Thursday, June 24, 2010

Distraction Is A Problem for Adults Too, Not Just Teens

A new study released earlier this week by the Pew Research Center found that adults are as just as likely to engage in texting while driving as teens. In fact, the survey of 2,252 adults age 18 and older, which was conducted last month, found that 47% of adults who text said they had sent or received text messages while driving compared with only 34% of teens that reported doing so in study released last September. Although these findings run contrary to popular belief that teens are the primary offenders when it comes to texting, it does support the AAA Foundation’s belief that distracted driving is a problem for all drivers – regardless of age. Our 2009 TSC Index survey of more than 2,500 adults found that 87% felt that texting/emailing while driving was a very serious problem, yet 21% of those same people admitted to doing so in the previous month. Every potential distraction – eating, drinking, cell phones, passengers, etc – are things that ALL motorists need to address in their own driving behavior.

Monday, June 21, 2010

GHSA Study – More States Addressing Distracted Driving

Last week the Governors Highway Safety Association released the report, "Curbing Distracted Driving: 2010 Survey of State Safety Programs." The study cites the increasing number of states who are addressing the issue of distracted driving by collecting data and incorporating distraction into more educational materials for drivers. The report states that twenty-seven states and D.C. have made Distracted Driving a priority in their Strategic Highway Safety Plans and thirty-seven states and D.C. have public information or education campaigns warning drivers about the dangers of distracted driving.

It’s wonderful to hear more states are becoming engaged in this issue and I applaud GHSA for its research. We must keep in mind that the goal of our collective efforts is to actually change driver behavior so that our roads are safer and passing legislation is one step in this direction. As GHSA Chairman Vernon F. Betkey Jr. recently said, “We need to create a traffic safety culture that does not condone driving while distracted much like we have done with drink driving.” I wholeheartedly agree with this assessment and even touched on the very same point in a recent radio interview. All of us need recognize the severity of the problem and do our part to help change things – starting with our own driving behavior.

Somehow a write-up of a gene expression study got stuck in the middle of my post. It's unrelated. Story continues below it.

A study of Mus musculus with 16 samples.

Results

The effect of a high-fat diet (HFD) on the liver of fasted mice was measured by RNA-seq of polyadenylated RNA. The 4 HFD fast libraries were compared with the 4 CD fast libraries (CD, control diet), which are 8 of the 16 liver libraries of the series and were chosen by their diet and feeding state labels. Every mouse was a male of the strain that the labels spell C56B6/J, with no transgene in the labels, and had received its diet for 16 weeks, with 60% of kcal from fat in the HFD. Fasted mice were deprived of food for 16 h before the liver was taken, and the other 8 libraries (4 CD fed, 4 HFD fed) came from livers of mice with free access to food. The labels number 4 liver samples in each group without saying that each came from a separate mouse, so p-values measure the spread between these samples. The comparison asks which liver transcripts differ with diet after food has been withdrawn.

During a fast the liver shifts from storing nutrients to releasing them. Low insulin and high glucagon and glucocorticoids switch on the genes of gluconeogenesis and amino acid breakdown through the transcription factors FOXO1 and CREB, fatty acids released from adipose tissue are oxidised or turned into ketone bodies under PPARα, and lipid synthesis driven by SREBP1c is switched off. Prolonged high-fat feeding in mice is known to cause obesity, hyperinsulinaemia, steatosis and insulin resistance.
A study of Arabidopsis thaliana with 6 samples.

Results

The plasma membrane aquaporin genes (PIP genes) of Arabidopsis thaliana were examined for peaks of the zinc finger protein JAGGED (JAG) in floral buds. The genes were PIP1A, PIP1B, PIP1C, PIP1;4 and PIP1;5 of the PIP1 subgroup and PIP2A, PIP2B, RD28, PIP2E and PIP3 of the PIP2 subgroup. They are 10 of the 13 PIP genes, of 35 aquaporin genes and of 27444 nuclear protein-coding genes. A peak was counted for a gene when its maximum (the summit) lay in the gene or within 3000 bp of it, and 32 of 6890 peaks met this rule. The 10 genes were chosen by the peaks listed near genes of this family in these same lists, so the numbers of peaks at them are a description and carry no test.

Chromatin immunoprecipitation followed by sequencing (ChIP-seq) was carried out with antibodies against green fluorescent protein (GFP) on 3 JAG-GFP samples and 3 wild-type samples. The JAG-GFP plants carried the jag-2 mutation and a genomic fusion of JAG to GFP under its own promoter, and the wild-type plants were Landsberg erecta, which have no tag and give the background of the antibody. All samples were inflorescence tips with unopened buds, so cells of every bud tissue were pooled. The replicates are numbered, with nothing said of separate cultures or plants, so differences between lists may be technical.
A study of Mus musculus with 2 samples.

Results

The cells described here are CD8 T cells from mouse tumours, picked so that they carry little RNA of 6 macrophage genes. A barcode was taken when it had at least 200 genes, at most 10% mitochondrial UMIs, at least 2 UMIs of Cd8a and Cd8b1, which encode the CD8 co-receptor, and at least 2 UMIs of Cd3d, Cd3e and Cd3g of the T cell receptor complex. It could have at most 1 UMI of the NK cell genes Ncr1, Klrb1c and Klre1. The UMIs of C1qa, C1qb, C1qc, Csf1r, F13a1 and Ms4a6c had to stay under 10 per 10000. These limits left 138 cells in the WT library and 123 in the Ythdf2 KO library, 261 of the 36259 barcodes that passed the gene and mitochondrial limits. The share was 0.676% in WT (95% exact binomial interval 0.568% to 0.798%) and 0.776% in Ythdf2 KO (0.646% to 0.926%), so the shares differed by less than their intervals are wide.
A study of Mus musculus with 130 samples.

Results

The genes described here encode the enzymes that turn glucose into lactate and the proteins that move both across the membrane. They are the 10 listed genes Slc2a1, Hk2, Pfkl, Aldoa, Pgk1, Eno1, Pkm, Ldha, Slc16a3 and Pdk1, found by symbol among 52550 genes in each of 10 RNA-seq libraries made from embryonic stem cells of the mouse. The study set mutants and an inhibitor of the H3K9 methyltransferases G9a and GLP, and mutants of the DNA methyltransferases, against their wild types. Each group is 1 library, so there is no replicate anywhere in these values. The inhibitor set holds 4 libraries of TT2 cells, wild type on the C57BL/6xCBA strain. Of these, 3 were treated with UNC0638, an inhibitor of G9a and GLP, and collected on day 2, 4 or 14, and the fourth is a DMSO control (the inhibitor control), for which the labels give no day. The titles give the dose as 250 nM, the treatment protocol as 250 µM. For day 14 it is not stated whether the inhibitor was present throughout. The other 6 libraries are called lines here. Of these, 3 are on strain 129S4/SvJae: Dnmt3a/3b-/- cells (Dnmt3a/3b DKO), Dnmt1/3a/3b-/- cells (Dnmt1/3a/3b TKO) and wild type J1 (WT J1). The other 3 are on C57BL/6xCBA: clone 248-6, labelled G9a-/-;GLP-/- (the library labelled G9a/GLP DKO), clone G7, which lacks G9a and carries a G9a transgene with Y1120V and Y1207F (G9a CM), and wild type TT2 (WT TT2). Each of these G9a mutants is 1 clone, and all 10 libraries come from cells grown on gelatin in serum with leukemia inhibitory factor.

Friday, June 4, 2010

Second Annual Traffic Safety Culture Summit

Since 2006, the AAA Foundation for Traffic Safety has been researching America’s driving beliefs, attitudes and habits through our annual national Traffic Safety Culture Index survey. The 2009 Index showed how prevalent car crashes are in our lives: Nearly a quarter of Americans have been involved in a serious motor vehicle crash in their lifetime, and more than a third have had a friend or relative seriously injured or killed. The survey also found although the public recognizes dangerous driving behaviors, they continue to engage in activities such as talking or texting on cell phones. It’s time we consider the cultural factors that define our values and govern our behavior to improve transportation safety.

Last summer the Foundation co-sponsored the first National Summit for Rural Traffic Safety Culture in an effort to promote discussion of safety culture within the transportation community. The summit attracted more than 100 researchers, officials and policymakers and resulting in unanimous resolution calling on President Obama to devote more resources to improving highway safety. We’re now finalizing preparations for this year’s summit which will be held in Big Sky, Montana from July 11-13th. Similar to the inaugural summit, discussions will focus on the role of traffic safety culture, including what it means and how it relates to behaviors, attitudes and the implementation of safety programs. Keynote speakers are set to include officials from both the National Highway Transportation Safety Administration and the Center for Disease Control and Prevention. Registration is still open for anyone interested in attending.